At least 82 people have been killed when a powerful earthquake rocked the Indonesian island of Lombok Sunday, triggering a brief tsunami warning and sending residents and tourists fleeing into the streets.
The death toll was expected to rise, with hundreds of people injured and thousands of houses severely damaged, the National Disaster Mitigation Agency said in a statement on Monday.
The quake, recorded at magnitude 7.0 by the U.S. Geological Survey, struck at a depth of 10.5 kilometers in the northern part of Lombok. It was also felt on the neighboring island of Bali, Sumbawa and parts of East Java.
Electricity was knocked out in several parts of the city and patients were evacuated from the main hospital, witnesses and officials said.Singapore Law and Home Affairs Minister K. Shanmugam, who was in the Lombok town of Mataram at the time of the quake, posted pictures of the destruction on his Facebook page and said his 10th-floor hotel room shook violently and walls cracked.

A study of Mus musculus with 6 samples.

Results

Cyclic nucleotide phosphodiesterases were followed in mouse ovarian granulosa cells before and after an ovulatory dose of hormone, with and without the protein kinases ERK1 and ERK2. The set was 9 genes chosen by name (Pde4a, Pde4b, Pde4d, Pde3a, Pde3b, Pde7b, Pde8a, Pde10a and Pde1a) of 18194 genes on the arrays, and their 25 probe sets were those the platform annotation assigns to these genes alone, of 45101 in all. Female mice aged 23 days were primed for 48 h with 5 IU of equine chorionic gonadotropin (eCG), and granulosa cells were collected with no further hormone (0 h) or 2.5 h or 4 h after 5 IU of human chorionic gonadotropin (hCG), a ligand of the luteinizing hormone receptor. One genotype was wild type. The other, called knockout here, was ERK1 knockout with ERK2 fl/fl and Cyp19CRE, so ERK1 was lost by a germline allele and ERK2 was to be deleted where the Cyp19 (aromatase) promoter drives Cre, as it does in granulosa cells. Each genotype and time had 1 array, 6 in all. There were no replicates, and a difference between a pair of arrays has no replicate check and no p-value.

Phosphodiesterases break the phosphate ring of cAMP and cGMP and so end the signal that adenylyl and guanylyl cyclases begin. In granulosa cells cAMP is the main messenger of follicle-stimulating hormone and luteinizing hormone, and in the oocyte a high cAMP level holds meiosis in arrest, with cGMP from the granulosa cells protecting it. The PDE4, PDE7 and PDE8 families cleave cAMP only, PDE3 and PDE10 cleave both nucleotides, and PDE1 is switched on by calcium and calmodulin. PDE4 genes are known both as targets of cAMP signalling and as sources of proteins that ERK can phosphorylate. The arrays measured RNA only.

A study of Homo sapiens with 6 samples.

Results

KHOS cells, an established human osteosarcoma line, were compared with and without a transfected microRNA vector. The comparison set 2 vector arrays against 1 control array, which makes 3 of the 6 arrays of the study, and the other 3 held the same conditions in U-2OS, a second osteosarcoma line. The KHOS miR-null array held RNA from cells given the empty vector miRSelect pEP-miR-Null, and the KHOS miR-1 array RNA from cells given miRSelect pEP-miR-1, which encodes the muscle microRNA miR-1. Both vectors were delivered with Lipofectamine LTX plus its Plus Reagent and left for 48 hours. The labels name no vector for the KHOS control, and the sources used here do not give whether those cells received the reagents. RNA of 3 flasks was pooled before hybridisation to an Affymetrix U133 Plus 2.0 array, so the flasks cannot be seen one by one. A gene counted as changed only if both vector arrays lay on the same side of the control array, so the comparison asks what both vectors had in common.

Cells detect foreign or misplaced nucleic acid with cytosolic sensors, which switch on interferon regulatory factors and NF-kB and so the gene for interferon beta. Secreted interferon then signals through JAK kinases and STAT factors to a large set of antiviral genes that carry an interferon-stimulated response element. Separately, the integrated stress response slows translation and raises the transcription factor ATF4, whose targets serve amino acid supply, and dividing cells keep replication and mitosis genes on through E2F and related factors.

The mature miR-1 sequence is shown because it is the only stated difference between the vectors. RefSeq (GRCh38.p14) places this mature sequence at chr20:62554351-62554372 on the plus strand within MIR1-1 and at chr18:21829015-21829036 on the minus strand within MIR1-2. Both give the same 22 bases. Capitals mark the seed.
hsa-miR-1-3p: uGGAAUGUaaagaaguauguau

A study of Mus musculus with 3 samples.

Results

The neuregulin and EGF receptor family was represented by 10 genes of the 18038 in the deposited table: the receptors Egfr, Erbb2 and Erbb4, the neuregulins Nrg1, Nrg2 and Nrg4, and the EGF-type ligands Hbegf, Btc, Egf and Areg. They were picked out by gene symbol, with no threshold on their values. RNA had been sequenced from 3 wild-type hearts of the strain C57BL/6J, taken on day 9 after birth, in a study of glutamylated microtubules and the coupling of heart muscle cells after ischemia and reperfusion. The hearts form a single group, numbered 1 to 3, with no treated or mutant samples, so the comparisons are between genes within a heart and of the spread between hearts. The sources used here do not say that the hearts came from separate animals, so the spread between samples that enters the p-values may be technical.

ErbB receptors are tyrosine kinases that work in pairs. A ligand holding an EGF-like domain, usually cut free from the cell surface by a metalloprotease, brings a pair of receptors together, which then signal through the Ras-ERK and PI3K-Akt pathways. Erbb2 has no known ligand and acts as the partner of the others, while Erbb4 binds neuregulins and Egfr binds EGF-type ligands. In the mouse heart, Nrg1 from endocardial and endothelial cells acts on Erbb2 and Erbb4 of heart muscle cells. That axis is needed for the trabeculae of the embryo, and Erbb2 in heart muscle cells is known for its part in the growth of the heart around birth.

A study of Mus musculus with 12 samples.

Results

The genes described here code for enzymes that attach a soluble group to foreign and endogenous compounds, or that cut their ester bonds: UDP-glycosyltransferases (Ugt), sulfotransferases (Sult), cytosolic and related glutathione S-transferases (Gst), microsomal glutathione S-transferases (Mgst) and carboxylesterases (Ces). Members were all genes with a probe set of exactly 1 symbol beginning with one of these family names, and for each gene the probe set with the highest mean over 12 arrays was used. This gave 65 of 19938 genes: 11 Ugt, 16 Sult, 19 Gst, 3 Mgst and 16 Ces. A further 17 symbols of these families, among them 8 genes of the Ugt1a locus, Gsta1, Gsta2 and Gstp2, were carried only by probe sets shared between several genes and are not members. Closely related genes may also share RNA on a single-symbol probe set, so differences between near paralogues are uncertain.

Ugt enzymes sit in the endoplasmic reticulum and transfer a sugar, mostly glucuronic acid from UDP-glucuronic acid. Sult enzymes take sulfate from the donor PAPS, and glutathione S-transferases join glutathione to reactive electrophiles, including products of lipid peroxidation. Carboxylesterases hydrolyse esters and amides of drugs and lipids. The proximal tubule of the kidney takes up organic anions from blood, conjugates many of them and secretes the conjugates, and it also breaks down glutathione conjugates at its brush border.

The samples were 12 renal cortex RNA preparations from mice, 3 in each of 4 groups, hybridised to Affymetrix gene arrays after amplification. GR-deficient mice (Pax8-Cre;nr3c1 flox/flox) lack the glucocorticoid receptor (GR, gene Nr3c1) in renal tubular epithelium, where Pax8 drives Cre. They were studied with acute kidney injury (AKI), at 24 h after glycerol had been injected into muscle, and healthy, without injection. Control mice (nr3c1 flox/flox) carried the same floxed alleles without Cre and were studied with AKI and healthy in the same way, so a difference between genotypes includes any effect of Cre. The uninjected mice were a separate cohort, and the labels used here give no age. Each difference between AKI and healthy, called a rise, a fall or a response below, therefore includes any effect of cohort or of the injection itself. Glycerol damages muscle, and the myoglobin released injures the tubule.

"It was quite impossible to stand up. Heard screams," he wrote. "Came out, and made my way down a staircase, while building was still shaking. Power went out for a while. Lots of cracks, fallen doors."
Mutya Aryani, a local resident in Sumbawa, told VOA by phone, "Most of people were at the mosque when the earthquake happened. People ran to the street and a large field outside the mosque. We're still traumatized by the previous earthquake a few days ago which was also quite large."
Last week, 17 people were killed when a 6.4-magnitude earthquake hit Lombok.
Like Bali, Lombok is known for its pristine beaches and mountains.
Indonesia is prone to earthquakes due to its location on the Pacific "Ring of Fire,'' an arc of volcanoes and fault lines in the Pacific Ocean Basin. In December 2004, a magnitude-9.1 earthquake off Sumatra island triggered a tsunami that killed 230,000 people in a dozen countries.
VOA's Indonesia service contributed to this report.